Models of community engagement: LIP discussion

Lauren Gawne recaps last week’s Linguistics in the Pub, a monthly informal gathering of linguists in Melbourne to discuss topical areas in our field.

Our final LIP for 2013 came at the end of 3 days of the PARADISEC conference, and we were fortunate to be joined by a diverse group of linguists from across the world who were able to contribute new perspectives from their fieldwork experiences. The topic of discussion was the documentation of cultural events, and what this task might mean for our research practice, and for the communities we work with. As usual, if you have another perspective on the topics covered feel free to add them in the comments below.

We started by discussing what actually constitutes a cultural event. Some of the salient features we discussed is that it involves a degree of ‘coming together’ outside of usual daily practice. This might be a large-scale whole community event, or a small gathering of select initiates. This then involves some amount of specific preparation, the use (and creation of) specific items, or preparation of particular foods. Cultural events can either be linked to calendars, occurring at set regular intervals, or may be linked to important milestones in the lives of individuals or groups in the larger community. These events are usually highly salient within a community, having their own name and set of expected practices.

Another difference between events were those that the linguist happens to be there for, and would have otherwise occurred anyway, and those that occur because of the presence of the linguist. The events that would occur regardless can often be unknown to the linguist until right before they begin, for which there is a benefit to spending longer periods of time in the field. Those events that are put on for the sake of the linguist, for example a naming ceremony, are still an important part of the cultural transmission.

Linked to this salience is that cultural events are important loci for the transmission of cultural knowledge. It is usually at cultural events that traditional songs and dances are performed, and it is for cultural events that instruments, special items of clothing and food are made. While not all of the features of a cultural ceremony are linguistic, as language is a cultural act – and endangered languages are often spoken in endangered cultures – it is a part of the richer cultural documentation process to capture these events. Many at the table agreed that we are behooved as ethically responsible invitees into these communities to work with them to document these events in their lives.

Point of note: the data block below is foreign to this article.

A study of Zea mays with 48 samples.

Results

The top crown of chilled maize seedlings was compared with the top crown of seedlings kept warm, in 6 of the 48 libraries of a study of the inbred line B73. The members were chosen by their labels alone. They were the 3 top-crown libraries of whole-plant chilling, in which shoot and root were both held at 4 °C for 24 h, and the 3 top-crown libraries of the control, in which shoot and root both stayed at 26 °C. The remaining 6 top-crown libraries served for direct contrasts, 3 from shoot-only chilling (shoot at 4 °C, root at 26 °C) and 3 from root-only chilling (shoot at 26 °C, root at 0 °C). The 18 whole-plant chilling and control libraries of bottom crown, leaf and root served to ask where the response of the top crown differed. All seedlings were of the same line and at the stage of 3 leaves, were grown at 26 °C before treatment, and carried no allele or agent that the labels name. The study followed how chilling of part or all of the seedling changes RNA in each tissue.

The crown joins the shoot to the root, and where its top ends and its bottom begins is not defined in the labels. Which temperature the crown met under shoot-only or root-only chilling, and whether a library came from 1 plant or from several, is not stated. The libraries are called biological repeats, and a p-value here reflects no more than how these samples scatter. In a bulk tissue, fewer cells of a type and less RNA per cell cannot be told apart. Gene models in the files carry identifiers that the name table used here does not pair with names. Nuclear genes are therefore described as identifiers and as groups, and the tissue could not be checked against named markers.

Even those events with very little linguistic content can still be a rich source of language data. Ceremonies and concerts often have specific vocabulary relating to features of the events. Several participants talked about using a participant observation method of recording the festival and then afterwards asking community members to describe what was happening in a video reply. People are generally willing to do this because the events are highly salient and interesting for them as well as the researcher, compared to daily tasks that may be interesting for the researcher, but very dull for participants. This can make a culturally salient stimulus for elicitation, and provide the community with a narrated video for their own keeping.

Some events do involve specific linguistic features that are often unique. Song language may present different linguistic structures in comparison to every day language, or vocabulary may give evidence of contact with other cultural groups. Participants who had worked in PNG talked about the use of a base-six counting system that is only used during yam counting ceremonies. There are all kinds of unique linguistic features or discourse genres that people report during particular cultural events.

In discussion of experience recording cultural events, several participants discussed the usefulness of recording the preparation for the event, as well as the event itself. This allows you to understand the production of any unique items or processes of preparation. One researcher observed that people may often be in a good mood while preparing for an exciting event like a festival and may be willing to share stories and chat more readily than in other situations. During the event sometimes the best thing to do is just to record and wait until later to ask questions about what is happening. These descriptive expositions after the event become another layer of the documentation process.

Although we only briefly touched on technical challenges, we did talk at some length about the ethical challenges of documenting cultural events. One in particular is those events that have some kind of social restriction on who can attend or witness the event. Sometimes linguists have ‘outsider’ status that allows them to observe the events that would normally be restricted by gender or clan, and other-times it is their initiate status that allows them to attend. In other cases, the linguist may be excluded from the cultural event. Even if they find another person to record the event, they may not be allowed to view the footage. This can also extend to archiving – and even in an archive where much of the data is open, it may be important to restrict the content of some events to only those who have the cultural acceptance to view these recordings. Even though many archives are pushing for open access, it’s important that we respect the wishes of the communities we work with, and it may be that in the future later generations will be glad to be able to access this material.

This was our final LIP for 2013, but we’ll be back in 2014!